Biodegradable vs compostable packaging

We all know we must change our habits and live more sustainably if we are going to save the planet. It can be difficult to tick all the right boxes, however, especially when it comes to making choices during our weekly shop.

Packaging can be confusing.

If you don’t understand the difference between biodegradable, compostable and degradable packaging, you’re not alone.

A subject we get asked a lot about here at 10K60 is the difference between these terms, how they affect the environment and which of these are best option to help save the planet.

Here we try to clear up some of that confusion and how we can take eco-friendly packaging to the next level.

What’s the difference between biodegradable, compostable, and degradable?

The vast majority of packaging is degradable, even the single-use plastics which are now clogging up our waterways and oceans. The trouble is that much of this takes tens if not hundreds of years to properly break down.

When it does, it normally creates small, micro-pieces of waste that can still hugely impact the environment and wildlife for many years to come.

Biodegradable packaging, on the other hand, breaks down into natural components such as carbon dioxide, water and organic compounds, through the action of fungi and bacteria. They also do this much quicker than traditional packaging.

Compostable packaging breaks down even quicker but they can only do this is they are placed in a compost heap. Some packaging, however, needs to be handled commercially in order to break down properly. One thing to remember though, compostable items must be composted and not just put in your standard kerbside rubbish bins. As we said previously, these items need warmth, air and moisture to compost… something that landfills are lacking in!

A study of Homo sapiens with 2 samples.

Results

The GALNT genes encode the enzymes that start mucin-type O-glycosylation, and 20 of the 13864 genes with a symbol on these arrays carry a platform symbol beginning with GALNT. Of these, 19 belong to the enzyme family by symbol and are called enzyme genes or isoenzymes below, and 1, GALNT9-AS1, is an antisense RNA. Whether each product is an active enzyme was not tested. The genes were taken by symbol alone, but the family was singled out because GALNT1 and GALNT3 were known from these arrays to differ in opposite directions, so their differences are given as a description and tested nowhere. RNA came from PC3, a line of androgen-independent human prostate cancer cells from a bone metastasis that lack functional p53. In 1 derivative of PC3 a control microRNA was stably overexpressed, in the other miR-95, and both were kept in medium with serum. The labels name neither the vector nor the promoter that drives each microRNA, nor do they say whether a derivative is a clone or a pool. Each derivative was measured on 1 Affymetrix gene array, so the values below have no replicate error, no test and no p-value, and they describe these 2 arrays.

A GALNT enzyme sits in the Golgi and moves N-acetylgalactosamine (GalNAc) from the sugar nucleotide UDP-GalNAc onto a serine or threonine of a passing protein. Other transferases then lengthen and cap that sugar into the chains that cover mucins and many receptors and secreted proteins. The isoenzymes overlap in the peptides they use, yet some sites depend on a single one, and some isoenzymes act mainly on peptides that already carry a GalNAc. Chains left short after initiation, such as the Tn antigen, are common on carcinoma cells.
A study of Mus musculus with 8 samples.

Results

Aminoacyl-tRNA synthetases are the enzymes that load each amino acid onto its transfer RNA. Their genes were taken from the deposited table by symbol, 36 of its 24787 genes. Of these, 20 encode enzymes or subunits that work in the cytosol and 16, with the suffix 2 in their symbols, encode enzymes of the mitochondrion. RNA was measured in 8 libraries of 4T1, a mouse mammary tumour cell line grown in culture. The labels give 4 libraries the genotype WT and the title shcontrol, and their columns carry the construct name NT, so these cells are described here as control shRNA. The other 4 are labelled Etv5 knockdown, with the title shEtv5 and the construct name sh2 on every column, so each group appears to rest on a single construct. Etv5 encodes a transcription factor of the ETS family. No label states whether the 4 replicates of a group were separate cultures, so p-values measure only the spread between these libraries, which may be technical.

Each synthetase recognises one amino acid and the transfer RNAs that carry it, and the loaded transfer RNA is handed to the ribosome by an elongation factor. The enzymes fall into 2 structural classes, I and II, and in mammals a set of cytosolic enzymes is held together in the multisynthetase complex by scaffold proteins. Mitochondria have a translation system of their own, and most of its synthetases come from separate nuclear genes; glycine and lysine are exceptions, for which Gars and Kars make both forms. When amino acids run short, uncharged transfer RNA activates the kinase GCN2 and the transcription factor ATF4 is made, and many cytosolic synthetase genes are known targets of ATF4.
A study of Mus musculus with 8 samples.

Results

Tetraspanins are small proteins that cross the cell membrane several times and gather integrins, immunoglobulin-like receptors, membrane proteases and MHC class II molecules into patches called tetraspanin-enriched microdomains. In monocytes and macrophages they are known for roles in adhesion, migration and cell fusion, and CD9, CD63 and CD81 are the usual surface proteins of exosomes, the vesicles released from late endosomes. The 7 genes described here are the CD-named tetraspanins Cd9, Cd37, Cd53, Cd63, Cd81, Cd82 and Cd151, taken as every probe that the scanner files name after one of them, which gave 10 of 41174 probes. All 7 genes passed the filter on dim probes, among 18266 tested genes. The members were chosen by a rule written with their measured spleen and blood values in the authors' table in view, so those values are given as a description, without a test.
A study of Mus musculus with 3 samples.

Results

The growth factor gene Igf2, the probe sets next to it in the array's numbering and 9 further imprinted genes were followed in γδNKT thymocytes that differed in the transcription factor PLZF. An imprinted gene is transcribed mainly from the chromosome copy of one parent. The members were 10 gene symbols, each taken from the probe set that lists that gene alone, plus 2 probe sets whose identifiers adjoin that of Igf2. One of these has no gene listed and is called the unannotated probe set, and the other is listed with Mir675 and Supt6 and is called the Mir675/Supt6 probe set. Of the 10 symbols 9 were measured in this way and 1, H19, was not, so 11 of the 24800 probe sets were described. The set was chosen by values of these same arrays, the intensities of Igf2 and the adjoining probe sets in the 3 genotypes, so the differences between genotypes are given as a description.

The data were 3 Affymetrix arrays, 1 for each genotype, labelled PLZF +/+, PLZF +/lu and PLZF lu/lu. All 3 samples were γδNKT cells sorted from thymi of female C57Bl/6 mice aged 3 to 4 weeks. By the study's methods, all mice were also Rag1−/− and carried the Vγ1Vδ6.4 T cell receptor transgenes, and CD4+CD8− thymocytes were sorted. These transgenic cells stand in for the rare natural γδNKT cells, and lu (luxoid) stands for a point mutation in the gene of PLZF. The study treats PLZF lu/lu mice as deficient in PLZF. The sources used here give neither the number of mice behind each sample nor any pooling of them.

This all seems simple on the surface but not all biodegradable and compostable products are made equal.

What are the challenges?

Let’s take corn-based plastic. Yes, it is designed to break down quicker than oil-based plastics but this depends on how it is disposed of.

Corn-based plastic needs to be handled by commercial composting – they won’t break down in your standard garden heap. That’s because these products need a higher level of heat and careful control of environmental factors such as humidity.

If your corn-based plastic bottle ends up in landfill, it won’t simply degrade as you might expect because the right conditions aren’t present. It could be around for as long, if not longer, than a standard plastic bottle.

Paper bottles, cartons and straws are also complex issues. Yes, the paper is recyclable but many of these bottles have additional layers of plastic and foil that make them more difficult to process. Few recycling plants can currently handle this kind of waste and treat it effectively.

The whole issue of biodegradability is, unfortunately, extremely complicated and it is still developing. New oxo-degradable plastics were thought to be a good addition to the packaging choices for business until we discovered that, as they break down, they can be toxic to the environment. Biodegradable plastic bags hang around in the eco-system for more than three years, causing harm to wildlife not just locally but around the globe.

What’s next for sustainable packaging?

While there have been improvements made over the last ten years, we are still far from a sustainable packaging solution.

Consumers can make a difference by choosing products that use eco-friendly packaging but this is often confusing and difficult to understand. Manufacturers are moving towards more sustainable practices but this is undeniably too slow and not as effective as many people like to think.

Brands and retailers need to understand the differences between each category in order to accurately and honestly market their products. And consumers need to understand eco-terminology in order to make informed buying decisions and correctly dispose of packaging at the end of use.

What’s true is there is no one-size-fits-all solution. For brands and retailers, of course, there needs to be a balance between costs and choosing the appropriate packaging solution. The confusing array of different solutions on the market today make that more difficult which is why many businesses approach consultancies to help them develop a clear strategy for the future.

While huge investment is currently going into biodegradable packaging, the industry at a global level is extremely fragmented and new technologies are still being developed. This is the major challenge for us all. While we’re working hard to solve these problems, however, the clock is ticking.

For the time being, many companies are trying to make the best decisions they can without having all the tools and information they need at hand. In general, brands and consumers want to do the right thing but need guidance to do so. There will come a future when all packaging is sustainable and safer for the planet but there is still a considerable way to go.